Cross cultural marriage and being a foreigner

The Joy Of Marrying A Foreigner

When I married Tim almost 10 months ago, I not only got a husband; I also got a daughter, a culture, a house, a country, and a whole set of “situations.” The list continues with new friends, new traffic guidelines, new weather, new schedules, and even new garbage rules. I was not used to them, and no matter how used I was to travel and to adapt to other places and customs, this time, I felt an amateur.

Cross-cultural marriage pushed all my awkwardness buttons at once and revealed to me that I wasn’t as adaptable as I thought I was. I not only lost all my cool with being an awkward foreigner as I had been many times in the past, but I became a cranky foreigner inside of my own life.

Tim, on the other hand, tried all the ideas that crossed his mind to help me feel at home. His efforts were and still are appreciated because I felt supported, and when he succeeded once in a while, I would even forget I was a foreigner.

As a result of his efforts, I got more sleep, more time alone, better meals, and a house that little by little starts to reflect my style. However, no matter how much he would try, I never felt I had fully adapted. I would always return to this awkward feeling of a foreigner longing for home.

Eventually, and after much prayer, I realized that when I was back home, I didn’t feel at home either. I would have my favorite weather and my favorite food, but I never thought I fully adapted to life in my own country or anywhere else in this Earth, and I never will. As a Christian, I’m not promised Earth, but HEAVEN:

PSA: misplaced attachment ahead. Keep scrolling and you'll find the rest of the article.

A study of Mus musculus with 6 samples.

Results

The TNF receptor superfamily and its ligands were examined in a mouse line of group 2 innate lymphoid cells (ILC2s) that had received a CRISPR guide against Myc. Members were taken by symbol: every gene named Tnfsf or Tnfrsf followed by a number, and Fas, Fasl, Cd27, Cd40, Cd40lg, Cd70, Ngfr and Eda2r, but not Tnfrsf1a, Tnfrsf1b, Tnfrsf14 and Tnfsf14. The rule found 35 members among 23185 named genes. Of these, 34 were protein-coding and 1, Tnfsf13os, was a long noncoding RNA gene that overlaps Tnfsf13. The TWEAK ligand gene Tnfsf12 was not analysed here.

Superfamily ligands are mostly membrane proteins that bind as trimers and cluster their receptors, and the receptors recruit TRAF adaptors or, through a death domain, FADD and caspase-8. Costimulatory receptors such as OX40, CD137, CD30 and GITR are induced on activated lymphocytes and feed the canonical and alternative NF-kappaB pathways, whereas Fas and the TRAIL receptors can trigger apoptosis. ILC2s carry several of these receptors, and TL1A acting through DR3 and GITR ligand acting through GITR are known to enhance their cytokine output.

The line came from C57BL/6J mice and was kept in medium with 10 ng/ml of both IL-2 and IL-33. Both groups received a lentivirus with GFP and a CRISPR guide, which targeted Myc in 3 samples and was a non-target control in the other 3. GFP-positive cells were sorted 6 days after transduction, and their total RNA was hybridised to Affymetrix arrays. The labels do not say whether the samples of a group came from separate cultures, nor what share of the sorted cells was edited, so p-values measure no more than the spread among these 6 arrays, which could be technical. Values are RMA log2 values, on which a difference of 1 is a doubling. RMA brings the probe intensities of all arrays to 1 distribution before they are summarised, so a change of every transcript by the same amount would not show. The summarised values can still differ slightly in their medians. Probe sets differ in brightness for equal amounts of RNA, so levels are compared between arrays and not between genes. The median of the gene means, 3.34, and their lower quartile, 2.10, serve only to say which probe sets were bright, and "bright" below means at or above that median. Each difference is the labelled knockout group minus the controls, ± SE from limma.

“But our citizenship is in heaven, and from it, we await a Savior, the Lord Jesus Christ,” Philippians 3:20

In a spiritual sense, as a Christian, I have a passport to go home, but the flight has not yet come, but since I know my final destination, I can wait with excitement.

“And if I go and prepare a place for you, I will come again and will take you to myself, that where I am you may be also.” John 14:3

Having tried a myriad of good strategies, the ultimate way to cope with, and even enjoy, my foreigner lifestyle is to focus on my final destination. It’s like waiting in a crowded airport not knowing when your flight will depart, but smiling as you think of those you’re going to hug when you arrive.

Self-pity aside, Tim is indeed not a local but also a foreigner in this world who, like me, will long for home every day of his life. What a gift to have each other to encourage our souls as we wait for our final destination!

“And not only the creation, but we ourselves, who have the firstfruits of the Spirit, groan inwardly as we wait eagerly for adoption as sons, the redemption of our bodies.” Romans 8:23

What has been your experience as a foreigner, as a newlywed or as a newlywed in a cross-cultural marriage, and what are some of the best tips you can share?


Comments 2

  1. Beautiful, true, life-giving words and many of my same thoughts lately even though I’ve only been outside of the United States for 10 days in my 60 years of life and in the same home for almost a quarter of a century. This world is not my home and that longing for home is my invitation to make Jesus my home. John 15 Psalm 90:1 Psalm 91:1
    I am honored to have you as my fellow foreigner ❤️

    1. Post

      Jeannette, your comment is so inspiring and contributes what I could never write. I’ve been a foreigner in so many places that one may think I can relate to foreigners because of my experiences. The truth is, our spiritual experience equips us to relate to foreigners in spite of our earthly experiences. Every Christian truly longing for his eternal home would naturally relate to foreigners of all faiths, and I know you’re one of them.
      Psalm 90:1: “Lord, you have been our dwelling place throughout all generations.”
      Thank you for the reference!! I will meditate on this verse, it was like fresh water; exactly what I needed to remember today!!